Mom to three girls, Kristina tells us about venturing into the waters of Middle School, managing family chores and how she keeps her marriage a priority.
Name: Kristina Gunn
Occupation: Stay at home mom
Kids/Ages: Madison (13), Mackenlie (11), Taylor (9)
HFM: Tell us about your family.
KG: I married my best friend and we have 3 girls who are close enough in age that they’re each other’s closest friends as well. We’re the typical, standard-issue one income family that has made some material sacrifices in order to gain a full time parent. It isn’t always pretty. We do the best we can.
HFM: What is your favorite thing about your family?
KG: We laugh together. Humor helps us not take ourselves too seriously. We enjoy each other’s company (and if my kids tell you otherwise, please don’t believe them); there’s no group of people I’d rather be around (and if I say otherwise, please don’t believe me).
HFM: You aren’t changing diapers anymore, so is it easier?
KG: It would seem that way. We’ve entered the stage where our kids no longer need to be fed, watered, and diapered by us and have become legitimate help around the house. They can entertain themselves without needing too much guidance. They can play almost any board game. Hopefully their next stage is learning to clean up messes and pick up shoes from the middle of the living room. Fingers crossed.
HFM: What advice would you give to a mom of babies and toddlers about kids in middle school?
KG: Middle School isn’t as terrifying as I thought it would be. However, technology is integrated into kids’ lives earlier than we imagined. Our oldest is sans cellphone and to say she is a rare breed in middle school is an understatement. She may be the last kid in the entire world to get a data plan (not counting her younger sisters, of course). Many teachers operate assuming the kids have a cell phone. Start planning for how you will integrate technology in to your family now whether you plan on getting your kids first cell phone at 7 or 17.
HFM: How do you celebrate special days? (birthdays, straight a’s)
KG: The heavy lifting for celebrating has always fallen to the grandparents. Our kids don’t “need” anything nor do they have a huge wish list, so we reserve the privilege of gifting for the grandparents. We throw the birthday parties but the grandparents shower them with gifts. As for academic achievements, we’ve tried not to put too much emphasis on letter grades, straight A’s, or other similar metrics. We don’t even really care what their grades are or how they score on tests. It sounds trite but we want our kids to do their best and that looks very different from one kid to the next. An 80 on a math benchmark may be celebrated as much as a perfect score on the STAAR test.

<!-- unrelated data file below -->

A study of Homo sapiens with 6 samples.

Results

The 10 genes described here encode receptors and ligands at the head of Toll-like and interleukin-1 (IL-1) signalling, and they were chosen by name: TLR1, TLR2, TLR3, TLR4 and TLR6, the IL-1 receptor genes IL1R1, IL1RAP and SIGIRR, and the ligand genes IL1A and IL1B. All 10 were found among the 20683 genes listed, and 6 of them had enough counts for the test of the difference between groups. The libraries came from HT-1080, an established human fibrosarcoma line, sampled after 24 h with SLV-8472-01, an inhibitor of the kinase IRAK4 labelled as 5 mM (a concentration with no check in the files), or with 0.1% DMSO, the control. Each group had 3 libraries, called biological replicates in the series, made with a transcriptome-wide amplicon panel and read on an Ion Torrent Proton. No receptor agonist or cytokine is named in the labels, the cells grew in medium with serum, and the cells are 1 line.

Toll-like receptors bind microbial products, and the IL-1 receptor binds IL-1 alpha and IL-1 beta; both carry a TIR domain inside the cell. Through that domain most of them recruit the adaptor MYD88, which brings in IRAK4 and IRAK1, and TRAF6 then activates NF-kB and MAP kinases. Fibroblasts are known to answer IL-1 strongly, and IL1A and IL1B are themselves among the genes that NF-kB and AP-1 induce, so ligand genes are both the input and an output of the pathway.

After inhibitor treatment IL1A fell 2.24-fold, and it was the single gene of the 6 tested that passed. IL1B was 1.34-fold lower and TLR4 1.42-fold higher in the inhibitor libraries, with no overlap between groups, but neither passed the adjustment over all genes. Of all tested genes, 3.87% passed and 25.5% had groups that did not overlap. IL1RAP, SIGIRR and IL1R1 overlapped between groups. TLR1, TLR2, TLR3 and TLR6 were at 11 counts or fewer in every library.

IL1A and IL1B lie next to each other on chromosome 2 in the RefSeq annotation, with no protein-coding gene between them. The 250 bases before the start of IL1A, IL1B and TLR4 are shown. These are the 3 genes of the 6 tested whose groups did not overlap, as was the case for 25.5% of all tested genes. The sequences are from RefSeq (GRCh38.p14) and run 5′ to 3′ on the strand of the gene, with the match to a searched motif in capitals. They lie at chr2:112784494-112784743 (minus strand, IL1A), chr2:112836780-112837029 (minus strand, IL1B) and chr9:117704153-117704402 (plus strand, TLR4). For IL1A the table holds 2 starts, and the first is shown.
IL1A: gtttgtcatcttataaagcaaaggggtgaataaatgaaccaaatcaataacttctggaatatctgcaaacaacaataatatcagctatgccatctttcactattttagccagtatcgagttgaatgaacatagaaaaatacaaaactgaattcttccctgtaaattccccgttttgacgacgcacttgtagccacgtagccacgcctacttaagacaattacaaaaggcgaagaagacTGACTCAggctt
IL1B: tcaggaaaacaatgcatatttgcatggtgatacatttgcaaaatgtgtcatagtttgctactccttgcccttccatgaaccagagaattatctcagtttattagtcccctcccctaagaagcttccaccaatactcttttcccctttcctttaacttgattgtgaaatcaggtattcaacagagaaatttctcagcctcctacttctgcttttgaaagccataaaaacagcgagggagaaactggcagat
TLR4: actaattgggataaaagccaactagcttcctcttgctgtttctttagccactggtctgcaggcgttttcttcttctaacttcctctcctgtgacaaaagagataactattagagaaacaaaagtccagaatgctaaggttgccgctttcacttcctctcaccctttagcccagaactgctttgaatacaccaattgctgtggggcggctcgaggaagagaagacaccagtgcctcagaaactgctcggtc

HFM: Does your husband feel outnumbered? How does he feel about being the only man around?
My husband is the youngest of five and has four older sisters. He would likely feel more out of place not being vastly outnumbered.
HFM: Do the girls do chores? How does this happen exactly?
KG: Yes. Slowly.
But that may be a reflection of our non-existent wages.
All joking aside, they are a good help around the house. We started them off early with tasks on par with their ability and understanding. “Pick up your toys” is a simple chore but it let them know that more is required of them than just existing in the house. Cleaning up their things moves into “Pick up your sisters toys, too” to emphasize that their responsibilities do not terminate on themselves. From there we evolved to more age appropriate chores like setting the table to putting away dishes to cleaning dishes to preparing dinner. I never go back behind the kids and redo what they have done even if it isn’t exactly how I would have done it. That giant dust bunny will eventually meet it’s end. We each load the dishwasher in entirely different ways and yet they always emerge clean (mostly).
HFM: What else would you like to add?
KG: We are not experts but we do have had over a decade of trial and error to know that we have put a priority on our marriage over the kids. It is easy to get to a point where you just coexist but that is not what we are called to. We talk to each other about more than just the kids, routine and school. We take time away whether it is an hour or two for dinner or a weekend 1,000 miles away. It is so much easier now that they can supervise themselves a little. Eventually, or so we are told, our prepared and independent children will head out into the world and we want to have something left over.